Until now, Italy's 5-Star Movement has been viewed a protest and opposition party, however a second round of mayoral elections on Sunday changed that.
As we reported earlier this month, the anti-establishment 5-Star Movement candidates in the key cities of Rome and Turin had advanced to the second round of voting in each mayoral race. In Rome, the largest stage for voters to show displeasure with politics as usual under Prime Minister Matteo Renzi, residents were seeking new leadership to put an end to the recent turmoil which included corruption allegations, poor management, and political upheaval. On Sunday, voters in Italy's capital decided quite definitively that it was time to move in a new direction.
5-Star Movement candidate Virginia Raggi, a 37-year old lawyer, was elected Rome's first female mayor by winning a stunning 67% of the vote in the second round. Raggi trounced Roberto Giachetti (Prime Minister Renzi's Democratic Party candidate) who took down just 33% of the vote the WSJ reports. The election of an anti-establishment 5-Star Movement candidate is a statement in itself, however by taking 67% of the vote over Renzi's candidate, a resounding message has been sent that the voters want change.
“We will restore legality and transparency to the city’s institutions after 20 years of poor governance. With us a new era is beginning.” Raggi said.
Another political blow came for Renzi in Turin, where yet another 5-Star Movement candidate was elected mayor. Chiara Appendino won 55% of the vote as the 5-Star Movement candidate, defeating Piero Fassino, the Democratic Party incumbent who took 45% of the vote.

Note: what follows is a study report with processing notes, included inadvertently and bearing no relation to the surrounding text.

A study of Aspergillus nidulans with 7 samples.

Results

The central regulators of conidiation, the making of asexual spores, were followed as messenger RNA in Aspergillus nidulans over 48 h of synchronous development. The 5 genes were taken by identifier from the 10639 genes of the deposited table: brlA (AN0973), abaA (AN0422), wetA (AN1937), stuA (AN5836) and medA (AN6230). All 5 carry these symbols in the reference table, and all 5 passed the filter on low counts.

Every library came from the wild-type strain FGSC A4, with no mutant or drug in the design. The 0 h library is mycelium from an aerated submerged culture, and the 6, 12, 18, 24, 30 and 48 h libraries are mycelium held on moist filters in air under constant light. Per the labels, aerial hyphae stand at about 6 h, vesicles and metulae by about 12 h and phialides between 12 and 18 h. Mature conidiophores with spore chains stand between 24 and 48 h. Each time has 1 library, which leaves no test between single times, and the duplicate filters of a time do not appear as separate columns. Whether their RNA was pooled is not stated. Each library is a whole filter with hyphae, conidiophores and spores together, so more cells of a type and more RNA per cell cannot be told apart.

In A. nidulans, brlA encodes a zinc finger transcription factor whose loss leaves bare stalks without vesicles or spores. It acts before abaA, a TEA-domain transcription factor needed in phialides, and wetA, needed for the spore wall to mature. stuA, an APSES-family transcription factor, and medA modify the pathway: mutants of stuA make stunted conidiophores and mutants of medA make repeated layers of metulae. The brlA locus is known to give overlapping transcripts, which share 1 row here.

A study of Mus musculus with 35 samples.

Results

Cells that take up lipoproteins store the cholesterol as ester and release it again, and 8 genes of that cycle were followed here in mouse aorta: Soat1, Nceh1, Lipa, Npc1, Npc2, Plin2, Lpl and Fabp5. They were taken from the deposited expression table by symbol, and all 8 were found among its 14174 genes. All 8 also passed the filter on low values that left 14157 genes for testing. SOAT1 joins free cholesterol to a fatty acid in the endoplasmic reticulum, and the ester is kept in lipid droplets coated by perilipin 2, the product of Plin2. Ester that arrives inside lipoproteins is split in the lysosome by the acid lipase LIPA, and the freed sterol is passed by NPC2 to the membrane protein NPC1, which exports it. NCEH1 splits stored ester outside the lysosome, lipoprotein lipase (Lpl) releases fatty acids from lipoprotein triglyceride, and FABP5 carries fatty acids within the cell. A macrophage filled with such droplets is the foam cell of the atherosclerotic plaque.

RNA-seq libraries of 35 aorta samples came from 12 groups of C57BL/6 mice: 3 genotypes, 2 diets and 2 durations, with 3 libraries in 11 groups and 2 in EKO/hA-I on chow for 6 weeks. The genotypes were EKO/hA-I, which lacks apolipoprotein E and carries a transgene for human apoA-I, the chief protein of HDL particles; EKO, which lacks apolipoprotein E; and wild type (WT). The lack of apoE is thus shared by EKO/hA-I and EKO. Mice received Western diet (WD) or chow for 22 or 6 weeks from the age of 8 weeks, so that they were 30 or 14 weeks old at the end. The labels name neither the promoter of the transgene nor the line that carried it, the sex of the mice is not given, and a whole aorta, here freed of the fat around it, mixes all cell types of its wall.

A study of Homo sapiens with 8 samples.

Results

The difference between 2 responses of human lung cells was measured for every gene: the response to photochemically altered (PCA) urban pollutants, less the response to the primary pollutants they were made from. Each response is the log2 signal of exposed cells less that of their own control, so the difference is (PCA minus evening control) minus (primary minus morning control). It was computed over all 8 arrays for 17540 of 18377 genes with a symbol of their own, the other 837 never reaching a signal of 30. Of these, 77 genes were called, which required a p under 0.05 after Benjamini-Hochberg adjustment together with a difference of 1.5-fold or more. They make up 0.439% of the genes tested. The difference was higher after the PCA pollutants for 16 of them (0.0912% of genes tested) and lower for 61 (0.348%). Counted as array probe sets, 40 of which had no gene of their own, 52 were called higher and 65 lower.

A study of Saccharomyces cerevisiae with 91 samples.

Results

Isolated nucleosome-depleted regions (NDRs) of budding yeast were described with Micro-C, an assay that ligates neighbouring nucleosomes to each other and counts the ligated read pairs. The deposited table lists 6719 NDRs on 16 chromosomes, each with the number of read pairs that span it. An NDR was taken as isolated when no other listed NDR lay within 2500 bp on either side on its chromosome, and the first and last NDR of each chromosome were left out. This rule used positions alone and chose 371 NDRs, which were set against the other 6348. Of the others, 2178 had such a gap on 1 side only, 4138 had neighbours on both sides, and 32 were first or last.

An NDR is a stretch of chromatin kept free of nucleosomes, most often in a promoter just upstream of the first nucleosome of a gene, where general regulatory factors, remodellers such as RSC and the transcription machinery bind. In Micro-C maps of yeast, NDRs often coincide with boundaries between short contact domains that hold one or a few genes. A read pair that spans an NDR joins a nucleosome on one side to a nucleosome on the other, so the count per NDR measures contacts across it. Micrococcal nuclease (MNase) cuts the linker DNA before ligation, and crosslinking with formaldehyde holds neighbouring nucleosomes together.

As we discussed after the first round results, Prime Minister Renzi is facing significant challenges within the country, least of which are weak economic growth and a banking sector on the verge of yet another major crisis. The key political losses in Rome and Turin will only bolster the 5-Star Movement, as it now has the opportunity to govern and prove what it can do for the people, while Renzi faces quite a challenge to put forward any type of reform agenda.
“The runoff results in Rome and Turin were a neat and unmitigated defeat,” the Democratic Party said on Sunday night, calling a national party meeting for Friday to analyze the “national indications” of the elections.
There remains a constitutional referendum that will take place in October, and the result of that referendum is something that Renzi has staked his political future on. The referendum itself is to sharply reduce the powers of the Senate, and cut the number of senators by two-thirds, but more importantly, Renzi considers the constitutional overhaul as his flagship program, and as the WSJ notes, if voters reject the referendum Renzi said that he would resign.